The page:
July 7 (Bloomberg) -- About 98 percent of German banks expect their business to develop positively in the next six months as the country’s economic growth offsets the debt crisis in southern Europe, according to an Ernst & Young survey.
About 22 percent of the 120 German lenders surveyed also regard the current business situation as “very positive” while 76 percent find it “satisfactory,” Ernst & Young said in an e-mailed statement today. A positive development in capital markets is forecast by 41 percent of the banks while 17 percent expect deterioration, the survey showed.
European Union leaders are insisting banks and insurance companies contribute to a new aid package for Greece after last year’s 110 billion-euro ($157 billion) rescue failed to stop the spread of the region’s debt crisis. Moody’s Investors Service has downgraded both Greece and Portugal’s credit ratings to junk amid concern they may not be able to reach the EU bailout terms.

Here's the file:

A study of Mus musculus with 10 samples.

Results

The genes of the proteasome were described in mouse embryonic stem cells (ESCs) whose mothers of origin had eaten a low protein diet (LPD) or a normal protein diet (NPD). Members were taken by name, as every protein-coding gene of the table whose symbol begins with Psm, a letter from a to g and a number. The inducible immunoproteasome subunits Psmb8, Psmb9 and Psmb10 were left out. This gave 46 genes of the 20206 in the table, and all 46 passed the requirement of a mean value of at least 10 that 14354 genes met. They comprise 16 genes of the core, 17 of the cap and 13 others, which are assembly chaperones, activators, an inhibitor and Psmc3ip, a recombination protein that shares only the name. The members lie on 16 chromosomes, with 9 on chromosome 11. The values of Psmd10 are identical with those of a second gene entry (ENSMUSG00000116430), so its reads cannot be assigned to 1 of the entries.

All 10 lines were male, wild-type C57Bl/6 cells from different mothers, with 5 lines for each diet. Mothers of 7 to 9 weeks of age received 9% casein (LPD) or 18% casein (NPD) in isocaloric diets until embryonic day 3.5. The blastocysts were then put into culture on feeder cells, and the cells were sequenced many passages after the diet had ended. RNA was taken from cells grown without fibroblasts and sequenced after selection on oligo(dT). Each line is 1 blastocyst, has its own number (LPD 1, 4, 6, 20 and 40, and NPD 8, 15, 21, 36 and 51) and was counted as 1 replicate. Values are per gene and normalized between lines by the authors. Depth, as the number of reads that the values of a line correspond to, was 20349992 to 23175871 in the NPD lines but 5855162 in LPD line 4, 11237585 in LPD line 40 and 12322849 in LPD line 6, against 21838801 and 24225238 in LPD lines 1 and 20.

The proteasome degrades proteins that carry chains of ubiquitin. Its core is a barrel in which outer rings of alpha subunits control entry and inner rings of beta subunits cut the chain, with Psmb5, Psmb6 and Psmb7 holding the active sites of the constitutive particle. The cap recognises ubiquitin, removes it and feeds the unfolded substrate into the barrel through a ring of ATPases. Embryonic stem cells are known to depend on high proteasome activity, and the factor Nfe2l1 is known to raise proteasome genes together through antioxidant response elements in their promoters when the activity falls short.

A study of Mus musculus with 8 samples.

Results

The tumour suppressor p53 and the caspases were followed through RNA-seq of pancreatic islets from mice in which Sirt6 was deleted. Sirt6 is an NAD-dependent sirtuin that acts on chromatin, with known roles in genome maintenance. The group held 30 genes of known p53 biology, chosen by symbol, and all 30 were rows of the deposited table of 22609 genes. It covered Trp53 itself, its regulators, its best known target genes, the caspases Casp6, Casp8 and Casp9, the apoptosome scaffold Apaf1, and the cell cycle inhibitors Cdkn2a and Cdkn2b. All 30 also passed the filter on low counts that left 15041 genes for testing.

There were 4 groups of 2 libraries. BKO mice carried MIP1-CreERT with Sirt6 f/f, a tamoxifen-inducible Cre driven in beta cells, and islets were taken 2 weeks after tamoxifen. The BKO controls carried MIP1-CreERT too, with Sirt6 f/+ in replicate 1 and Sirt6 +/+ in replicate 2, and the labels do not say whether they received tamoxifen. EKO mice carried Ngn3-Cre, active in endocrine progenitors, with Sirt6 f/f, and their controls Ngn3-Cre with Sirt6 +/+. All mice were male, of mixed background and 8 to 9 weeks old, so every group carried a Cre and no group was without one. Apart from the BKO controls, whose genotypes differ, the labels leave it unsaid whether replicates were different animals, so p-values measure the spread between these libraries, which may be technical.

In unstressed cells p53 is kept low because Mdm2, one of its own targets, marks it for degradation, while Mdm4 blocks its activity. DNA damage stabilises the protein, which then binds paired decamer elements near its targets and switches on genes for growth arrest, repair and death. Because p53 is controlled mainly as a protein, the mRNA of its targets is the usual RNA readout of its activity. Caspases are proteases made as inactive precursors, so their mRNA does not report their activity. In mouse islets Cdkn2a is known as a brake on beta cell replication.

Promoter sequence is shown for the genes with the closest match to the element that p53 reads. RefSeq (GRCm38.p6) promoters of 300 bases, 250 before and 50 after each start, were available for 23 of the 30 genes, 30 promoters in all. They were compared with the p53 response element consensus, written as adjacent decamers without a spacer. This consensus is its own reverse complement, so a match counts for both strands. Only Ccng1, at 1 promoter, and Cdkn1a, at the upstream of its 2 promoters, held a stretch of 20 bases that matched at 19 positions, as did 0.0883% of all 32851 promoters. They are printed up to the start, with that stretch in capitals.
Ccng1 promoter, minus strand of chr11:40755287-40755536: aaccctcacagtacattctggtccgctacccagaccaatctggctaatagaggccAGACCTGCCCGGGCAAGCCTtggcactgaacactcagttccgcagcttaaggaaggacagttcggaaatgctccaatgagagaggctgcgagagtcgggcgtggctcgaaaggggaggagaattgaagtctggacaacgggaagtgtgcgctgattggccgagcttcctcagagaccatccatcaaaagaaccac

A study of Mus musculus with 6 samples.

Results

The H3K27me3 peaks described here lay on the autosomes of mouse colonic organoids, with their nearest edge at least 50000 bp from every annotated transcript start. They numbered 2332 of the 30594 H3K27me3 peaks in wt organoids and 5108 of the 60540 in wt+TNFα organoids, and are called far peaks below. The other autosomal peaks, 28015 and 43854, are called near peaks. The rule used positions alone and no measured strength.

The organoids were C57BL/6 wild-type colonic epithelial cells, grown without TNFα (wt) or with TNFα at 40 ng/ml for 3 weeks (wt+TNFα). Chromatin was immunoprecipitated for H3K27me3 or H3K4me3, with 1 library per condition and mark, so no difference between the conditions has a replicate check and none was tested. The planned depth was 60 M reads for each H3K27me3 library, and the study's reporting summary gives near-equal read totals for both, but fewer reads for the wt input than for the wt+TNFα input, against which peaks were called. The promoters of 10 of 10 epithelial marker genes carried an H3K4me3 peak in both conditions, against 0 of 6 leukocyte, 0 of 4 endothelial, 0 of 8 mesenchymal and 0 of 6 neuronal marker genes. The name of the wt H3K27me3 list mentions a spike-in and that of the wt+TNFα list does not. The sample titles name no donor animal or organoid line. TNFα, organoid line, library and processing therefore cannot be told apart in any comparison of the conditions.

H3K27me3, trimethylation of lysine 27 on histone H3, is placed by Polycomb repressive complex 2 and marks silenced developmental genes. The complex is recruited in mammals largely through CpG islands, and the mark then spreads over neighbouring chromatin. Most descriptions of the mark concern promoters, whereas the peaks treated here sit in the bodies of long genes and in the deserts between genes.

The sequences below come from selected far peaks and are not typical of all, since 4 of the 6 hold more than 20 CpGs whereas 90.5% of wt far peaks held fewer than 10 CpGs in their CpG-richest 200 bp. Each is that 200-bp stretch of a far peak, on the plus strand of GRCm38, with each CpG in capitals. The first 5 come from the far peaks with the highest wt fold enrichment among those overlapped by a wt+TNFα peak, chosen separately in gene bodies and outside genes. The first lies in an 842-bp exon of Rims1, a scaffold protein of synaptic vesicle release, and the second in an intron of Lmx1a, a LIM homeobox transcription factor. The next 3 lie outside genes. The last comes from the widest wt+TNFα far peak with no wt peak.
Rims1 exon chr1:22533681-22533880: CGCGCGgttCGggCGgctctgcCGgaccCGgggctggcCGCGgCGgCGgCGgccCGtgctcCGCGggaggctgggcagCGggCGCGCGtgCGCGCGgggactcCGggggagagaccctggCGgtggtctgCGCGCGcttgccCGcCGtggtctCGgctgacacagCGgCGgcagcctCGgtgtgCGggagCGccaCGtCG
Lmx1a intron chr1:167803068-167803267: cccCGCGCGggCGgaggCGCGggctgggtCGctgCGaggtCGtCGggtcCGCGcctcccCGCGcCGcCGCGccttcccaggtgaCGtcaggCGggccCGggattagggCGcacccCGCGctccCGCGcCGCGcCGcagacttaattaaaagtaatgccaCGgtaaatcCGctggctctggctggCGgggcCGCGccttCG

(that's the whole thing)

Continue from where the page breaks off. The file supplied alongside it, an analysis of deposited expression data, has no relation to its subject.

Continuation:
The German economy grew 1.5 percent in the first quarter as companies boosted spending to meet increased export demand and construction rebounded from a slump in the previous three months. The German central bank forecasts that the economy will grow 3.1 percent this year while countries from Greece to Portugal are struggling amid a debt crisis that’s shaking the foundations of the euro currency.
About 25 percent of the surveyed banks expect to hire more people in the coming six months, while 12 percent expect their workforce to decline, Ernst & Young said.